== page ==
A bent old man, dressed in rags hobbled into the tavern. He put two coins on the bar and asked for a bowl of the mutton stew cooking over the fire and a crust of bread. He sat at the far end of the long and crowded bar, hunched over his bowl.
“Haven’t seen you before,” said the man on the stool next to him. “Did you come in with the Duke’s rabble?”
The old man shook his head as he spooned stew with knobby, arthritic fingers.
“You heard the goings on over at the dark keep?” asked the barkeep.
The old man shook his head again.
“Unbelievable,” said a man with one eye bandaged. “The duke’s forces had the Lich Queen’s fortress under siege for months but we couldn’t breach the walls. So the Duke brought in a wizard.”
“Came in here twice,” said the barkeep. “Arrogant young know-it-all if you ask me.”
“I don’t remember asking,” said the old man in a clipped voice, shifting in his seat.
The barkeep scowled, then disappeared into the back.
“Well, that wizard,” said One Eye, “He summoned an Earth Elemental.” One Eye shook his head. “You should have seen that thing stroll from the woods like it hadn’t a care. Twenty feet tall if I’m a day old, made of rock and wood and who knows what.” He shook his head, his one eye distant. “Thing battered at the fortress walls till the ground shook, hour after hour. Made good headway too. Bowmen in the fortress filled it with arrows till it bristled like a porcupine, but it paid no mind.”
The barkeep came from the back with his hand on the shoulder of a young, tow-headed boy. The boy squirmed and the barkeep shoved him toward the doorway. “Now do as I tells ya!”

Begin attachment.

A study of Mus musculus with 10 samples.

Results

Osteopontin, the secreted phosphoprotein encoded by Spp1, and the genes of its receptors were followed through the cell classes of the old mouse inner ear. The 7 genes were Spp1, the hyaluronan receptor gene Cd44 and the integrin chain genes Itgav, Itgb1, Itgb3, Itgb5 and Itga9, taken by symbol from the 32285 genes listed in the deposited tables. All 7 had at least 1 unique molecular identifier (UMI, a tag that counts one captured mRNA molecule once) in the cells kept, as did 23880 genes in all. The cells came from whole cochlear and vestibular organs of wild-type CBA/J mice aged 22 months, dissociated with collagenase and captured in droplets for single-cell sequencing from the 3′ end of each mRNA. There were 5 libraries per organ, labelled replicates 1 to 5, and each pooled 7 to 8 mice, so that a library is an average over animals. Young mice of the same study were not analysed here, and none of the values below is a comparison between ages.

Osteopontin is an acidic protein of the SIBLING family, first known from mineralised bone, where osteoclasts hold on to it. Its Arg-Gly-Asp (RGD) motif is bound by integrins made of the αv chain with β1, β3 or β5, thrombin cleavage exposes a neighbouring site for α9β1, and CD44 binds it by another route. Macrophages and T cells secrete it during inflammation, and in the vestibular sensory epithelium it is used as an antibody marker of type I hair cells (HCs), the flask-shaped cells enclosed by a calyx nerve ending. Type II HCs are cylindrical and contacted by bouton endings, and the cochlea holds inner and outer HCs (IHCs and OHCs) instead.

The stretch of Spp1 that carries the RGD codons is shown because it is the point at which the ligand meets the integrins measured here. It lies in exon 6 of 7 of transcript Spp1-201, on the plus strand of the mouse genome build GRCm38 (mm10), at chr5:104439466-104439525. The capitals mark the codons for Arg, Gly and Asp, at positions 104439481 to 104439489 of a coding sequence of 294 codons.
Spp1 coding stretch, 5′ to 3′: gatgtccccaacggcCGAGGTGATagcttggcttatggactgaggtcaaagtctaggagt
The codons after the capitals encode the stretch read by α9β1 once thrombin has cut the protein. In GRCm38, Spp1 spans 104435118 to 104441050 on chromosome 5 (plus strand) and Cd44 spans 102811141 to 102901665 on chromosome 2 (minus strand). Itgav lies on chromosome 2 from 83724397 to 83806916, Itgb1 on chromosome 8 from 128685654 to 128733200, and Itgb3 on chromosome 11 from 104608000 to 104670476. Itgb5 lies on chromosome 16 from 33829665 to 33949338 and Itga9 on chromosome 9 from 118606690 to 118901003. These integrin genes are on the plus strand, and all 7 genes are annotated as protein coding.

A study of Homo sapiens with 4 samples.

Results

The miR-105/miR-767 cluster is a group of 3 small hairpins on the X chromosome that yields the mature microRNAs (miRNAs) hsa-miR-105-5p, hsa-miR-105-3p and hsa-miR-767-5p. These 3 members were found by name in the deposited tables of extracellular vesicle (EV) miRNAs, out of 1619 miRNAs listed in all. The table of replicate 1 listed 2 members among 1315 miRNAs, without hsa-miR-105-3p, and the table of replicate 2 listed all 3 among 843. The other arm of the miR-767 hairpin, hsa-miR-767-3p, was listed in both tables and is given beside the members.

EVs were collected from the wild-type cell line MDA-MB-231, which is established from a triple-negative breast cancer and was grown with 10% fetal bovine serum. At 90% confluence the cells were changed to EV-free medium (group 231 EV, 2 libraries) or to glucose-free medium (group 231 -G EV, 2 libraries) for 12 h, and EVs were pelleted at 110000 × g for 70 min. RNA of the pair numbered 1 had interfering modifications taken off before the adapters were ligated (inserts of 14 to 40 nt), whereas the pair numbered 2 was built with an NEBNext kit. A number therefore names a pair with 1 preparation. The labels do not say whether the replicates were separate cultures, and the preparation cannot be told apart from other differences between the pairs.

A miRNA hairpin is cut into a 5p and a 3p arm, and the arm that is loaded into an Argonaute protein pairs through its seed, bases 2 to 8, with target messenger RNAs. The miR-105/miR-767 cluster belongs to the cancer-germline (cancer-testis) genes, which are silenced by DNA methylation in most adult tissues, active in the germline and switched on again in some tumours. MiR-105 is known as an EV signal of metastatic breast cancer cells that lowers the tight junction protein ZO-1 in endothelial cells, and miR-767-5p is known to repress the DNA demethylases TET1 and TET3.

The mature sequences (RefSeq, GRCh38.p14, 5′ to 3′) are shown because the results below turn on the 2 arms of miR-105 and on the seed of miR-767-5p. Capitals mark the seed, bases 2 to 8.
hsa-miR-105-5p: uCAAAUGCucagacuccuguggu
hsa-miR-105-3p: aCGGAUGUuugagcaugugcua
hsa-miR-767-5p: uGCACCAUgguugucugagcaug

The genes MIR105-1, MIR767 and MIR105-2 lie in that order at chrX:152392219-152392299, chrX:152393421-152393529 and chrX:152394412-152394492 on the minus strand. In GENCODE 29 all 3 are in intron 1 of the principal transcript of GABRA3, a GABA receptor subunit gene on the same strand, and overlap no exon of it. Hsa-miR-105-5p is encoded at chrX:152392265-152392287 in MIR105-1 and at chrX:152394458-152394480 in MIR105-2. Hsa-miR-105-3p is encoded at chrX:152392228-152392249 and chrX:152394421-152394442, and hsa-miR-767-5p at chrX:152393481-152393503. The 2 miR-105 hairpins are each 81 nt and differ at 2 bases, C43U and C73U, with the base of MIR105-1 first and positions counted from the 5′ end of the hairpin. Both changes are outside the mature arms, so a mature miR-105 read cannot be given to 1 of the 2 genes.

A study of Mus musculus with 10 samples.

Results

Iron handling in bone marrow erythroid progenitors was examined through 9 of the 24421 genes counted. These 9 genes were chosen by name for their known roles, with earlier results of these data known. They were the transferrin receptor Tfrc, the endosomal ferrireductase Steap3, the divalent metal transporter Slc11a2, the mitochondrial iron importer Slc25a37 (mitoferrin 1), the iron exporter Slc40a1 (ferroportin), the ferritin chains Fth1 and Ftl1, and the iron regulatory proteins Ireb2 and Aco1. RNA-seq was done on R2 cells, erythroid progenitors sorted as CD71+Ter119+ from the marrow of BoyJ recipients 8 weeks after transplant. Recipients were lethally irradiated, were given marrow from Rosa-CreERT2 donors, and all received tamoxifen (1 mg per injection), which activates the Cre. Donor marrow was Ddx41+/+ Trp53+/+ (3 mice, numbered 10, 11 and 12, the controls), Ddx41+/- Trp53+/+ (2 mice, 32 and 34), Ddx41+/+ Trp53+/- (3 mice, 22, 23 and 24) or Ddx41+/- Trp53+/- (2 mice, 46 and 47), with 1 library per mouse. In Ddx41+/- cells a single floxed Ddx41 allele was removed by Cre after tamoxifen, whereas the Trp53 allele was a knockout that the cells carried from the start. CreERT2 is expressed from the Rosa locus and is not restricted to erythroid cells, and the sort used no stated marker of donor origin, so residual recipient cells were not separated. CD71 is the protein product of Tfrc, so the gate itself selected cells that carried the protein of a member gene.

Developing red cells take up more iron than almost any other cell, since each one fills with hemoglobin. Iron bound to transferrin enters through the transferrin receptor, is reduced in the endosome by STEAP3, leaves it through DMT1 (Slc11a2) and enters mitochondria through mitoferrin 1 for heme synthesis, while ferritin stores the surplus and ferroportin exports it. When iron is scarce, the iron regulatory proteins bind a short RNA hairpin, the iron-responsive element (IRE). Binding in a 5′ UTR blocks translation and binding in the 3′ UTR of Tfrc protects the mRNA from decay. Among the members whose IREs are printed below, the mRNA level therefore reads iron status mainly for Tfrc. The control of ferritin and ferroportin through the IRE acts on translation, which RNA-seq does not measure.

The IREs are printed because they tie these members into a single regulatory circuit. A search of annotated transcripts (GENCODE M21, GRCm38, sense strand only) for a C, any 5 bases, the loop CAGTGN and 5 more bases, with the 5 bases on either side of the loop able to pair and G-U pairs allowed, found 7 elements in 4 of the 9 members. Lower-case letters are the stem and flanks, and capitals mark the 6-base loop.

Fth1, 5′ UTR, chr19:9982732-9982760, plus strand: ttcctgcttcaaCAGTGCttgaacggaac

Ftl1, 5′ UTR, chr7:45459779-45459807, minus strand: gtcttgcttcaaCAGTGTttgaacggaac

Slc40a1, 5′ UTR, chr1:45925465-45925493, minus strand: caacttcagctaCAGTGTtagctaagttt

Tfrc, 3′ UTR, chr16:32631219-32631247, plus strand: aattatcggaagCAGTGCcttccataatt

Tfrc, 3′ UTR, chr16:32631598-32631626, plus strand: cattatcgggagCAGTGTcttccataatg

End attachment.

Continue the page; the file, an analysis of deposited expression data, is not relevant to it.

One Eye went on. “Then the men and creatures in the fortress hurled pitch on the beast and lit it a blaze. The monstrosity noticed that! It howled and raged and went berserk.”
“And that,” said the man on the seat next to the old man, “is when that little worm of a wizard lost control of it.”
The tavern went quiet for a moment. The old man dropped his spoon into his bowl.
“We tried to fight it, but who can stand against a howling, twenty-foot hulk of rock and flaming logs? It took out a third of the Duke’s forces before we destroyed it. Broke our siege.”
“Horrible!” the old man said, shaking his head. “And the wizard?”
“Fled,” said One Eye.
“Duke put a hundred gold piece bounty on his head,” said the man on the next seat.
The old man whistled. “I could use a hundred gold pieces. What does this wizard look like?”
“Young man,” said One Eye, “fresh from the wizard’s tower. Dark hair, dark blue robes.”
There was a commotion outside and the tow-headed boy entered, followed by nearly a dozen soldiers in the Duke’s livery.
The barkeep pointed to the old man, who fled for the far window with more alacrity than one would have expected for a man of his years. One Eye and the man on the next seat rose in surprise.
The soldiers caught the old man halfway out the window and hauled him back in. They hustled him toward the door, holding his arms tightly. One of the guards tossed a pouch to the barkeep which chinked when he caught it.
“A good wizard,” shouted the barkeep to the old man as they hauled him away, “would have disguised his voice as well.”